Plan shows that any Gift of Hope has an impact

With some donors feeling economic pressure, the non-profit's flagship campaign shows the tangible effect that even small gifts have.

To highlight this, Plan – along with agency Doug & Partners – created a digital campaign, featuring paid video, connected TV, social media and several digital placements. Among the assets are 15-second animated spots featuring a girls giving family and friends a picture of a goat as a gift – representing a goat she’s donated they’ve donated to families abroad, which help them earn money through farming and do things like send their children to school.

The goat has been the hero of many “Gifts of Hope” campaigns for the last 14 years. According to Naomi Midanik, director of one-time gifts at Plan International Canada, the goat “really seems to resonate” with donors both because it is unique and because it represents “something really tangible” that “people can really wrap their heads around” when it comes to how it can help a community and family abroad.

Despite mass uncertainty in the charitable sector in the early stages of the pandemic – due to questions about whether donors would have the same propensity to donate due to economic challenges – Midanik says donors are continuing to donate and that “there’s a real appetite to continue to help.” This is particularly the case with donors who are not experiencing as much financial stress as others, she says, and are “finding an opportunity to do something and empowers them to actually help, particularly on the global stage.”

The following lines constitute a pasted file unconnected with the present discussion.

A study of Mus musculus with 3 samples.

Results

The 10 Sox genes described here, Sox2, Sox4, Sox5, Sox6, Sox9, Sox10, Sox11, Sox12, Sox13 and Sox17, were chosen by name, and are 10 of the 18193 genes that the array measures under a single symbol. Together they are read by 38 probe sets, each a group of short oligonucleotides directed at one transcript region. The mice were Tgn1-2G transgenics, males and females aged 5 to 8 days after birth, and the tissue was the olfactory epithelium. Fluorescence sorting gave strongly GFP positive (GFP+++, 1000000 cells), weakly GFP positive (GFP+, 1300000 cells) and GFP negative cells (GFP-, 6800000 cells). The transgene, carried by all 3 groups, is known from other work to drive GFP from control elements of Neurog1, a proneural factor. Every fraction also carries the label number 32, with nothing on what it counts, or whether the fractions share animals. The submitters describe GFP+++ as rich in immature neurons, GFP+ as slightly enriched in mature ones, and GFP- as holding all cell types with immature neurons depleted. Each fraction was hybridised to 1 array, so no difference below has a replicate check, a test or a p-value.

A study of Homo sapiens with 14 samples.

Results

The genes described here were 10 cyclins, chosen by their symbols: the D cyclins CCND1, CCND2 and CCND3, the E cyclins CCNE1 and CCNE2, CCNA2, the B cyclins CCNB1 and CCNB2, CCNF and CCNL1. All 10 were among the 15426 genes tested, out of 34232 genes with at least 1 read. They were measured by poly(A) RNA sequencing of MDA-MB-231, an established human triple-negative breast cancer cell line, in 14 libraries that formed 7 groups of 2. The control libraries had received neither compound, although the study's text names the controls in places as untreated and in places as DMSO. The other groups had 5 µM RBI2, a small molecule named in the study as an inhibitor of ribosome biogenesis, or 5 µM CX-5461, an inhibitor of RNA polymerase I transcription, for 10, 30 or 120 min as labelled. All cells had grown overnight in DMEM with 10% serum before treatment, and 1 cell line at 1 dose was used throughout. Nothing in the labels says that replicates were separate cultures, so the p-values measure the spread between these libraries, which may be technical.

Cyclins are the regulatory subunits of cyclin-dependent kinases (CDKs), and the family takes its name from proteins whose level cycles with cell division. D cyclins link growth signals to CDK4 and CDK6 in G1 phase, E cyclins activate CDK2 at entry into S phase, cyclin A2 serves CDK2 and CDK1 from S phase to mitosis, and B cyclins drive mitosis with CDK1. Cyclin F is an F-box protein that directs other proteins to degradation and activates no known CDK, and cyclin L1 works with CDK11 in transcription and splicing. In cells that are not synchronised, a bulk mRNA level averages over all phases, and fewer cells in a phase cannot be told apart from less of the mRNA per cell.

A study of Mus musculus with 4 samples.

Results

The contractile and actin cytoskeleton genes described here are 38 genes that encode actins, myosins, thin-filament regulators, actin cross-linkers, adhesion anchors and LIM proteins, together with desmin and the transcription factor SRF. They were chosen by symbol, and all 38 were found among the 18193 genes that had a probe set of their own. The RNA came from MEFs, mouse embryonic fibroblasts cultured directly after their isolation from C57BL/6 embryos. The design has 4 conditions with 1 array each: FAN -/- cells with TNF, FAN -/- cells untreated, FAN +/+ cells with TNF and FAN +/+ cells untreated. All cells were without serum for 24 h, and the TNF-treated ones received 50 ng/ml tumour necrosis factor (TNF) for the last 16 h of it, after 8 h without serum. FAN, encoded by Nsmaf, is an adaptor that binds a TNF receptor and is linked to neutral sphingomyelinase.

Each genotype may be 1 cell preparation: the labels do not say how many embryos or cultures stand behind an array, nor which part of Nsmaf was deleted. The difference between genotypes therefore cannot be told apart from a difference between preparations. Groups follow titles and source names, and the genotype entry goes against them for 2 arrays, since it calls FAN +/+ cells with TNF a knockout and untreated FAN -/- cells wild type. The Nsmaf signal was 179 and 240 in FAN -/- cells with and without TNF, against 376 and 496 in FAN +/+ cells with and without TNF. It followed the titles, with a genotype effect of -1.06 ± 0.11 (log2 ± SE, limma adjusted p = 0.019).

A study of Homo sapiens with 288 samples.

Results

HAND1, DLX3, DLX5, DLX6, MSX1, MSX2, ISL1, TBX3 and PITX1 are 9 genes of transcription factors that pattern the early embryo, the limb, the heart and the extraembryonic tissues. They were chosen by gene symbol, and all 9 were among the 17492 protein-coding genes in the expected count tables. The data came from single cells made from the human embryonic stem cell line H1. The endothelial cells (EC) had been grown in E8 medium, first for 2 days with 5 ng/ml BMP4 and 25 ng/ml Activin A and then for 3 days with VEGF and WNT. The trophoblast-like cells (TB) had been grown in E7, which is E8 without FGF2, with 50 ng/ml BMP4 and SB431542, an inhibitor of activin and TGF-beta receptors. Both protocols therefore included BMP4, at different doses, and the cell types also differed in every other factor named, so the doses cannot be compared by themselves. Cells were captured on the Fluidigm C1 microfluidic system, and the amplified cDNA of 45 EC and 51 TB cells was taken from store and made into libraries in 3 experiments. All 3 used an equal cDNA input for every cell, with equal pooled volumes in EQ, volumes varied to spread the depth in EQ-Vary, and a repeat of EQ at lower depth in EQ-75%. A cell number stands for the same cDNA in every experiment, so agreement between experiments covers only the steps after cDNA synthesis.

But Plan also has a number of gift options, an effort to reach people who still have the appetite to help but might not feel like the money they have available can be useful. While the goat is priced at $80, Midanik notes how Gifts of Hope has a catalogue of 65 ethical gifts starting from $10 – and all of them are communicated in a way that drives home the impact they might have, showing that even more affordable gifts can make a big difference for people.

Among the new Gifts of Hope items this year are COVID-19 kits consisting of things like hand soap, sanitizer, wipes, temperature sensors and masks – which will be distributed to people in “especially dangerous circumstances,” like displaced settlements where resources are scarce.

“While people are consuming the news, and perhaps feeling like they don’t have any control over the situation, they can purchase one of our COVID-19 gifts and make a difference that way,” Midanik says.

While its donors are looking to see how far their money will go, Plan is also trying to make its marketing efforts work hard, focusing on more efficient digital channels that provide the best ROI. The campaign includes tailored ads for digital media consisting of more than 200 components, including social media, interactive quizzes through BuzzFeed, digital banner ads and the three 15-second spots. Midanik says they used retargeting and remarketing methods to serve up different creative “depending on the point donors are at in their journey.”

The Aber Group handled the media buy.